A recent class-action decision by a judge is considered a victory for detained immigrants. The decision may force law enforcement officers and ICE officials in Florida and across the country to revise their procedures.

In the case, the lead plaintiff was a high school-aged immigrant living in Miami. He was seen writing “503” on his notebook, and local law enforcement was contacted. “503” is a sign for an El Salvador gang, but it is also the international calling code for that country.

Local authorities contacted Immigration and Customs Enforcement, and the youth was detained under suspicion of gang affiliation. Without hearing, he was transported to a facility in Brentwood, NY. Without the class-action suit and the actions of his attorneys, he may have remained in detention indefinitely without hearing. As it was, he was detained over five months without hearing and without notification to his parents.

The Court in California ruled that minimum due process protections must be given to immigrants in custody. First, the detainee is entitled to a hearing. Secondly, the hearing must be conducted by an unbiased arbiter. Third, the government must present evidence supporting the arrest and detainment. The burden is on the government to show that detention is necessary. The court ruled that in order to continue detaining a minor immigrant, it must show that he or she is a flight risk or dangerous.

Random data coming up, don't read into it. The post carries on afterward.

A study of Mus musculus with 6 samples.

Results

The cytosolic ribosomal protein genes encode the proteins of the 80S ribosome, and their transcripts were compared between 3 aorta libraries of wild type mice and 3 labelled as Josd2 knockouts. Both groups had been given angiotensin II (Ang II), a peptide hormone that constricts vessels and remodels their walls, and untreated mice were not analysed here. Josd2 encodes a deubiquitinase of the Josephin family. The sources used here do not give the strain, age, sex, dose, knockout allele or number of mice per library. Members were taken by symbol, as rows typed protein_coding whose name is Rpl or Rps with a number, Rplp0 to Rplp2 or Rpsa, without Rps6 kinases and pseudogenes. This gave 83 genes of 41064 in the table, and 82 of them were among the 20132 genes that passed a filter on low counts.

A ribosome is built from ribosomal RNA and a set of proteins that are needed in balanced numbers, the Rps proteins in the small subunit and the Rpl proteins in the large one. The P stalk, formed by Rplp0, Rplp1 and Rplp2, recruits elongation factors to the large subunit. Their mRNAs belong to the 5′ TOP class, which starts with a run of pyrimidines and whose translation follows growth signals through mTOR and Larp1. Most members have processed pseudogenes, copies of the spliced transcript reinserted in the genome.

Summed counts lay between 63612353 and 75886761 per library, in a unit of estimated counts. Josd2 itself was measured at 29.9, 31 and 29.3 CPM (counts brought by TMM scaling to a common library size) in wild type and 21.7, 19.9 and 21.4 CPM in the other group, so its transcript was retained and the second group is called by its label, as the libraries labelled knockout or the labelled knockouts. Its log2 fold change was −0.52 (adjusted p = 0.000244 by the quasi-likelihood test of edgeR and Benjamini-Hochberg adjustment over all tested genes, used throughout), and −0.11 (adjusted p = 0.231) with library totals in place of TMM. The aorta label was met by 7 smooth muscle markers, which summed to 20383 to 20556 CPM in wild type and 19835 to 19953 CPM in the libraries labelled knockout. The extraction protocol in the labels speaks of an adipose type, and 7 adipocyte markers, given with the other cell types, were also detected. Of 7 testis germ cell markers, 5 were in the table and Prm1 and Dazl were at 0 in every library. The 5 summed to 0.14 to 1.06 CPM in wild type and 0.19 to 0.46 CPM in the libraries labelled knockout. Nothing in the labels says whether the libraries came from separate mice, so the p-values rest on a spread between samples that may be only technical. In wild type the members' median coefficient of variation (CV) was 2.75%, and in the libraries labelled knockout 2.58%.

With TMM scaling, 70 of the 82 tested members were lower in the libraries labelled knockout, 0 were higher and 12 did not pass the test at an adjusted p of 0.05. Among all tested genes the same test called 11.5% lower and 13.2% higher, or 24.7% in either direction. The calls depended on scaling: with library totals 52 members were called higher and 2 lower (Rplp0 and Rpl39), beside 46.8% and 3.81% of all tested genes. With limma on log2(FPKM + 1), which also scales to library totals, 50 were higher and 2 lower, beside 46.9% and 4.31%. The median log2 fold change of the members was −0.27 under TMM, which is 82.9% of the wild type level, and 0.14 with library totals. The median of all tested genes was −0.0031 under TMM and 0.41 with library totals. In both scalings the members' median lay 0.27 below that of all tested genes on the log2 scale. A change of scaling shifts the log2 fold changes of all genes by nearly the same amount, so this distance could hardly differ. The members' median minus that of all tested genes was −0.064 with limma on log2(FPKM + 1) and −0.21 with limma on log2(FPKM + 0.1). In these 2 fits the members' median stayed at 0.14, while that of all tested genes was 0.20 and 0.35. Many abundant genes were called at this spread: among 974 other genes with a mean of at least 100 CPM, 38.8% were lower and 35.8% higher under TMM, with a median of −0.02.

The requirements issued by the court are some of the most basic constitutional protections given to the accused in the U.S. criminal justice system. People cannot be held based solely on suspicion, nor can they be detained indefinitely without a hearing and the ability to present evidence on their own behalf. Those who have been subject to immigration detention, or those with family members detained in this matter, may wish to seek the assistance of experienced legal counsel.